Just take a look around Portland, San Francisco, New York, or London: the Slow/local/sustainable Food movement is making a dent in the food market. Powell’s has a special display in the cookbook section dedicated to literature that has come out of the movement. Just leaving my apartment, I pass by Burgerville, a Northwestern burger chain that prides itself on using local ingredients and sustainable methods. The UK TV’s food channel has the “Local Food Hero Award,” a reality tv show which awards businesses that specialize in local foods. San Francisco’s Ferry Plaza Farmer’s Market is becoming a major tourist destination in the city, as is the farmer’s market in New York’s Union Square. Organics are everywhere from Walmart to Safeway. It’s gotten to the point where even McDonalds is trying to play the game with its “What We’re Made Of” (link to McDonald’s website. Sorry.) advertisements, which attempt to portray the company as being conscientious of its suppliers (Check out “From Farm to Restaurant” section, which has suspiciously been “coming soon” since June.). This approach is the herald of a new era for fast food: adapt or strike back.
Unsurprisingly, fast food isn’t going down without a fight; while McDonald’s plays the healthy game, other chains, such as Burger King and KFC have a new strategy: they are positioning themselves as being the anti-snobs, the every day guy. Though they never explicitly mention Slow Food or any other related movement, these companies directly target them, dismissing them as stuck-up and out of touch with the average consumer.
About a year ago, Burger King came out with “Manthem.” The idea was to play off of the 70’s women’s movement. They had men singing out to the tune of Helen Reddy’s “I am Woman,” proclaiming liberation from the oh-so terrible oppression of their girlfriends’ “chick food” (vegetables, quiche, and tofu), which was simply not filling or manly enough for them. At core, their strategy was to turn health concerns into a gendered issue. Lyrics such as “I will eat this meat, until my innie turns into an outie” conflates any worries we might have had about the healthiness of fast food with the American obsession with thinness. This, suggests Burger King, is a girlie worry; so go head, eat our meat.
But the commercial goes even deeper than that–Burger King also associates women with the upper (or upper-middle) class as it celebrates men as being working class heroes. The only female character (aside from a few sprinkled in for decoration) in the commercials tries to force her boyfriend to eat dinner at a fancy, snotty restaurant. Chick food, apparently, does not come cheap. Is the whole association ridiculous? Clearly. But Burger King is out for working-class men (and a few women who proudly disassociate themselves from the snotty health-obsessed.), which, as you’ve probably noticed from this election’s obsession with “Joe Six-pack,” is the current image of the stereotypical American middle class.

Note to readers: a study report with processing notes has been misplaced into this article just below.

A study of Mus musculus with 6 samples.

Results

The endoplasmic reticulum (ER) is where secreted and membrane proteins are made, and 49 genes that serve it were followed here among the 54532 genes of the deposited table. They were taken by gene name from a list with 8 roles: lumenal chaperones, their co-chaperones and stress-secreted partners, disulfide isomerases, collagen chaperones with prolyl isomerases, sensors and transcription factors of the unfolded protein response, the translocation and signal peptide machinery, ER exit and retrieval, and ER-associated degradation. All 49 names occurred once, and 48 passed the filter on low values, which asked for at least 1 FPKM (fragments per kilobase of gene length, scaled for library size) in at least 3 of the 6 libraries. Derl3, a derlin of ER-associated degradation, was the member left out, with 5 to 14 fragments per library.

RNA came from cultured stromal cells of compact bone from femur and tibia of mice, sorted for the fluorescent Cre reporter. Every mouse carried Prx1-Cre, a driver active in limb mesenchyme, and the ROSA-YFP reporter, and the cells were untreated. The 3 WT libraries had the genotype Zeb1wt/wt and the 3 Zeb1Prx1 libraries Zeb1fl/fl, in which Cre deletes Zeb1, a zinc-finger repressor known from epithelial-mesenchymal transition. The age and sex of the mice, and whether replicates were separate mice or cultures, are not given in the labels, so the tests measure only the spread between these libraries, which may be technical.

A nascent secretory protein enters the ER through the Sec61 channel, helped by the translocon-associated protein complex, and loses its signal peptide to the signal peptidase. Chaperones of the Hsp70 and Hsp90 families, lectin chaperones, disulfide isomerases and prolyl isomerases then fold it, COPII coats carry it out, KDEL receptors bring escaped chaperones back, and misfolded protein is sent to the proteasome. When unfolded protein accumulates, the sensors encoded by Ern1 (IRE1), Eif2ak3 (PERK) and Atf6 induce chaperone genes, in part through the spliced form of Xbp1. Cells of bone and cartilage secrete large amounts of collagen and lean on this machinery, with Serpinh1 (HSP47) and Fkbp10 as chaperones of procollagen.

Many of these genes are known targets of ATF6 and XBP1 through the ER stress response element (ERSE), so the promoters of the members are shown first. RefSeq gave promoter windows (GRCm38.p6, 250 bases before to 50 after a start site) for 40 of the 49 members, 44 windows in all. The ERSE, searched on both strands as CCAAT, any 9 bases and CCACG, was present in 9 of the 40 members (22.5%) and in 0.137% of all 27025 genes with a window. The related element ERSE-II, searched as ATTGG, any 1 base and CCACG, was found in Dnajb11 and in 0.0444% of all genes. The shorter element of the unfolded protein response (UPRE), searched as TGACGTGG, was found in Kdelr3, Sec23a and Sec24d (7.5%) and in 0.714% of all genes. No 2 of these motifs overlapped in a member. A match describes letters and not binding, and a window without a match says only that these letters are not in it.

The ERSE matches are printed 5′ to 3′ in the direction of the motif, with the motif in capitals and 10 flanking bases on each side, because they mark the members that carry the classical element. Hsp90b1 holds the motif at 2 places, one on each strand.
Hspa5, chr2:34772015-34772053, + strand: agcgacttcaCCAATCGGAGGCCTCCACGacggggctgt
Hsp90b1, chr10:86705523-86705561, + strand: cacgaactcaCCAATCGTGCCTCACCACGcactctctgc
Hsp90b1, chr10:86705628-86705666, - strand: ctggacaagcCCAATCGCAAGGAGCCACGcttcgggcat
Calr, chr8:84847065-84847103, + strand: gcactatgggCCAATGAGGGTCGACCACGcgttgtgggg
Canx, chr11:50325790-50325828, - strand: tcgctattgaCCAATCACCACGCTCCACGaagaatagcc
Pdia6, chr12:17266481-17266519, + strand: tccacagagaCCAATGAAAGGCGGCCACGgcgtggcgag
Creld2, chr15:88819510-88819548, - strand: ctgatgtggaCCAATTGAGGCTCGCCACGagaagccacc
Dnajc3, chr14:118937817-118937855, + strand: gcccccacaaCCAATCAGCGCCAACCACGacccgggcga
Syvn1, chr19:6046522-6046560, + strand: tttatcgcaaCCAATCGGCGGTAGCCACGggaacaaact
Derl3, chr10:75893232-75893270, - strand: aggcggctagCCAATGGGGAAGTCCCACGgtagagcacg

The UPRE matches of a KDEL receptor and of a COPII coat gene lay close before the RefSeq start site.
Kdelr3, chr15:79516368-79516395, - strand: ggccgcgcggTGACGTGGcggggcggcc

This trend is still out there in KFC’s latest ad series: The $10 Challenge (link goes to the commercial, uploaded to Youtube). Here, a mother and her two kids attempt to make a fried chicken dinner on a $10 budget but with the current high cost of food, have to resort to going to KFC. The pristine supermarket, with its brick walls and green accents, cunningly emulates Whole Foods or other “foodie” grocery storie; KFC wants us to believe that that wholesome home-cooked meals that the food movement champions simply aren’t feasible in our current economy.
Fortunately, judging from the reactions I’ve seen both in the YouTube comments and the wonderful world of food blogs (which, granted, tends to be biased against fast food. See here and here.), KFC has misread the market. In fact, the backlash against this campaign is so strong that googling “KFC $10 challenge” leads to critical articles and forum postings but nary an official link. As one YouTube commenter (using the name lvingwell) suggested, “Any frugality 101 student could whip this challenge in a heartbeat!” . At the same time, I think these commercials point out an issue that we food activists have a difficult time dealing with: even as we push for better food, we are also pushing for more expensive food. Even before the market crash, this was an issue, and it’s only getting worse.
Fast food is tapping into the cracks of Slow Food’s marketing technique. The food movement has become an upper class movement; even the blog “Stuff White People Like” (which could just be as easily known as stuff yuppies like) has farmer’s markets on its list (As a side note, McDonald’s launched a campaign for their southern chicken sandwich featuring Black actors at the same time as “What We’re Made of.” Though the WWMO commercials don’t actually have any actors in them, I have to wonder whether they saw it as attracting a “White” market as a counterpoint to their southern chicken.). The elegant cookbooks offer recipes that even I, a foodie who doesn’t flinch at the thought of making Thai green curry entirely from scratch, probably wouldn’t make. Fast Food may be playing dirty, but they’re playing off of real issues.
And so, this is why I’m heartened to see advertisements on buses and the MAX for Oregon-based programs that make it possible for food stamps to buy fruits and vegetables. This is why I support the efforts of Ann Cooper, a school lunch reformer who does her best to make sure kids get nutritious, balanced lunches. If the food movement stays a movement for the privileged, it’s going to fizzle. If we move in new, more comprehensive directions, we’re actually going to change things.